This post is the fourth in an 8-part series on the Seven Deadly Sins.
By: Rev. Paul Scalia
He was a carpenter, but we have only one example of his workmanship: a whip that He made out of cords (cf. Jn 2:15). It is ironic indeed that the only instance of this meek and humble Carpenter’s handiwork is connected with anger. And He was indeed angry. One hardly supposes that He, whip in hand, politely asked the money-changers to leave. If it was not too much of a problem, that is. And pretty please. No, He held the whip for a reason. Employing that instrument of anger, He drove them out and overturned their tables. But at no moment did He sin.
“Be angry, but sin not,” the Psalmist says (Ps 4:4). Likewise Saint Paul: “Be angry but do not sin” (Eph 4:26). And then our Lord’s example of sinless anger in the Temple. They all indicate that there is a legitimate form of anger, the passion that prompts us to defend ourselves against a real or perceived threat. As an emotion, anger is in itself morally neutral. What we do with that emotion makes all the difference. It is possible (although perhaps not as easy as we think) to be angry…and not sin. Sometimes anger is the proper response, as our Lord Himself indicates.
But when anger jumps the rails of reason (which it does quite easily), then we have wrath. Saint Thomas observes that the more necessary something is, the more important that it be ruled by reason. Since anger serves one of the most important things — self-preservation — it is all the more important that it be ruled by reason. This powerful instinct for self-preservation, once detached from reason, becomes a dangerous force. So, the passion of anger can be a proper, reasonable response to evil. But the vice of wrath is a train careening off the rails, heading for destruction.
So how does our anger become wrath? First, when we get angry about the wrong things. In our culture we blithely accept the widespread destruction of unborn children, the euthanizing of the elderly, and the evisceration of marriage. Meanwhile we fly off the handle at a perceived slight, out of petty attachment to our possessions, over inconvenience in traffic, etc. Our anger is inordinate because our loves are disordered. We love things rather than persons, our own estimation of ourselves rather than the truth, the things of this world more than those of heaven.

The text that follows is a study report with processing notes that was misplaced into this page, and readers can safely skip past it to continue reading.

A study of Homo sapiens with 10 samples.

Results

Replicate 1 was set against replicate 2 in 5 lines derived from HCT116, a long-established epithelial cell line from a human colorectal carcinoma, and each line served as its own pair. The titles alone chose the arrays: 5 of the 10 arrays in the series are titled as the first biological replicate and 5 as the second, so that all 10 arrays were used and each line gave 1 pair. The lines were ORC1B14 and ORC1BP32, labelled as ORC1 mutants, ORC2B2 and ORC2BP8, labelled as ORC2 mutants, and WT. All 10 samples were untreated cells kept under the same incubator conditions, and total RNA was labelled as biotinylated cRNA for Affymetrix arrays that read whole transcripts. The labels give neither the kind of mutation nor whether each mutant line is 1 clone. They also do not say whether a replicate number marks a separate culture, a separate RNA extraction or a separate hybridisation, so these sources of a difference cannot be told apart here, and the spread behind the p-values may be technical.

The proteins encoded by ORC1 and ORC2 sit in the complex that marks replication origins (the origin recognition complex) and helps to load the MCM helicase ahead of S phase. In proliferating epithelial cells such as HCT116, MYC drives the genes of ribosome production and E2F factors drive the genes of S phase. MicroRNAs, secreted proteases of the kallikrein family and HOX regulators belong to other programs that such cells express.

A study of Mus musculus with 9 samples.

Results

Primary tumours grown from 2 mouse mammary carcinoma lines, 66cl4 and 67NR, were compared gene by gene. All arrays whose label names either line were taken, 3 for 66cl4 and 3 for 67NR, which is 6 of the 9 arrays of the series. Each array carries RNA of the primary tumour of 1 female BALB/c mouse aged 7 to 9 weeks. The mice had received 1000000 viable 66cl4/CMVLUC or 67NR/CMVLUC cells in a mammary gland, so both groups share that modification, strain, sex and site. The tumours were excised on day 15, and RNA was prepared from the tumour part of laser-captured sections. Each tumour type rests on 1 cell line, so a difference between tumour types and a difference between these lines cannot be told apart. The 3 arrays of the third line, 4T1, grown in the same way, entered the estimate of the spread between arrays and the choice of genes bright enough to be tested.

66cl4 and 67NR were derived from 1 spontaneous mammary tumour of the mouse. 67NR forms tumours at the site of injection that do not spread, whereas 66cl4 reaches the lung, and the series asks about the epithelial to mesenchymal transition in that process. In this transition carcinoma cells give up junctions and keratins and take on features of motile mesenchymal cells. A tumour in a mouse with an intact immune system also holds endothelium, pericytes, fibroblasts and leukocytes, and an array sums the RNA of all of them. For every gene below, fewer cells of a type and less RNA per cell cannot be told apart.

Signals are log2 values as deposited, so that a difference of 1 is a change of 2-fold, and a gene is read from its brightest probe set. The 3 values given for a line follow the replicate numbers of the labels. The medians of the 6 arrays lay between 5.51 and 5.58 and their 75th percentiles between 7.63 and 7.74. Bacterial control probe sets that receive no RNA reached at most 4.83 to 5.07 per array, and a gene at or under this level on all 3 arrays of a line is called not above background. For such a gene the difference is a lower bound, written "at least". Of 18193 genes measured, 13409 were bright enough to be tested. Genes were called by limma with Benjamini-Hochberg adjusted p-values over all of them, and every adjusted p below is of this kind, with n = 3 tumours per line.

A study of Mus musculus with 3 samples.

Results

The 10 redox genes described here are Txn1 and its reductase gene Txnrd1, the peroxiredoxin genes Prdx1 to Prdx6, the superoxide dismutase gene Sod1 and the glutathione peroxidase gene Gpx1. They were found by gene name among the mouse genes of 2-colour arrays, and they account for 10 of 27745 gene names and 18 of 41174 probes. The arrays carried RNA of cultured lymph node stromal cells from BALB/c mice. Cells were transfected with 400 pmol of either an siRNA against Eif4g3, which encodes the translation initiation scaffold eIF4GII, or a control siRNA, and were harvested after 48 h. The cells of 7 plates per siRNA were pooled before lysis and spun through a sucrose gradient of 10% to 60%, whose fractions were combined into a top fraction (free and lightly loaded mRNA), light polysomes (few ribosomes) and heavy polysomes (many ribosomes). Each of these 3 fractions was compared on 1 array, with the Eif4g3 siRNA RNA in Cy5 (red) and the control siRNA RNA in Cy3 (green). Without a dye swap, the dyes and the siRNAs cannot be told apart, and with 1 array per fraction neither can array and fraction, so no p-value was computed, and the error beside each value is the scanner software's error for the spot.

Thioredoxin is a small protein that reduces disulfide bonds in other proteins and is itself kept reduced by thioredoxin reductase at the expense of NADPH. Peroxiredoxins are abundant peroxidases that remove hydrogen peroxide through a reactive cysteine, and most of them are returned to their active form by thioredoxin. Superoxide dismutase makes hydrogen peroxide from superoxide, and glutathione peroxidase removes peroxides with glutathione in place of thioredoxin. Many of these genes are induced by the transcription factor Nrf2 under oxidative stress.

Second, wrath comes from the inordinate expression of our anger. Even in those instances that call for anger, we respond disproportionately. Instead of a stern word, we yell and scream. Rather than correct the action, we correct the person. When a scalpel will do, we launch nuclear weapons. And we justify our excess by pointing to the righteousness of our cause — as if being in the right is a free pass to harshness. In fact, the more just our cause for anger is, the more careful we have to be not to respond excessively.
Like many others, this vice finds a useful instrument in social media. We can electronically liquidate someone fairly quickly. Comment boxes and tweets are full of rants and harsh responses. The electronic world is an easy place to allow our wrath to run free. Worst of all, in that arena we will rarely feel the effects of our wrath. We can rant anonymously and never have to face the fact that we have hurt someone terribly. Inured to the negative effects of our wrath, we never learn to repent and be delivered from it.
Thus, whether by way of its cause or expression, this disordered anger accounts for much of what we see in ourselves: impatience because our Almighty Schedule has been violated…harsh words because we think we have been insulted…lashing out to defend our own insecurity. And the interiorization of all this leads to the grudge — harboring resentment and judgment against another. Consider that: harboring something evil; giving harbor to the enemy…allowing an enemy vessel to drop anchor in our souls.
The virtue that militates against wrath is meekness. Now, most of us would not like to be described as meek. It does not strike us as admirable. We associate meekness with weakness. Heck, they even rhyme. But He Who is the example of all virtue points especially to this quality in Himself: “learn from me, for I am meek and humble of heart” (Mt 11:29).
He shows this meekness most of all…in His anger. Meekness makes not milquetoast! Saint Thomas observes that meekness “moderates anger according to right reason.” It is a power, a strength that does not do away with anger but controls and directs it to the good. Thus, it is precisely Jesus’ meekness that restrains His anger in such a way as to keep it within reason. It is still anger…He is still punishing…but there is nothing there unreasonable or sinful.
Jesus, meek and humble of heart, make my heart like unto Thine!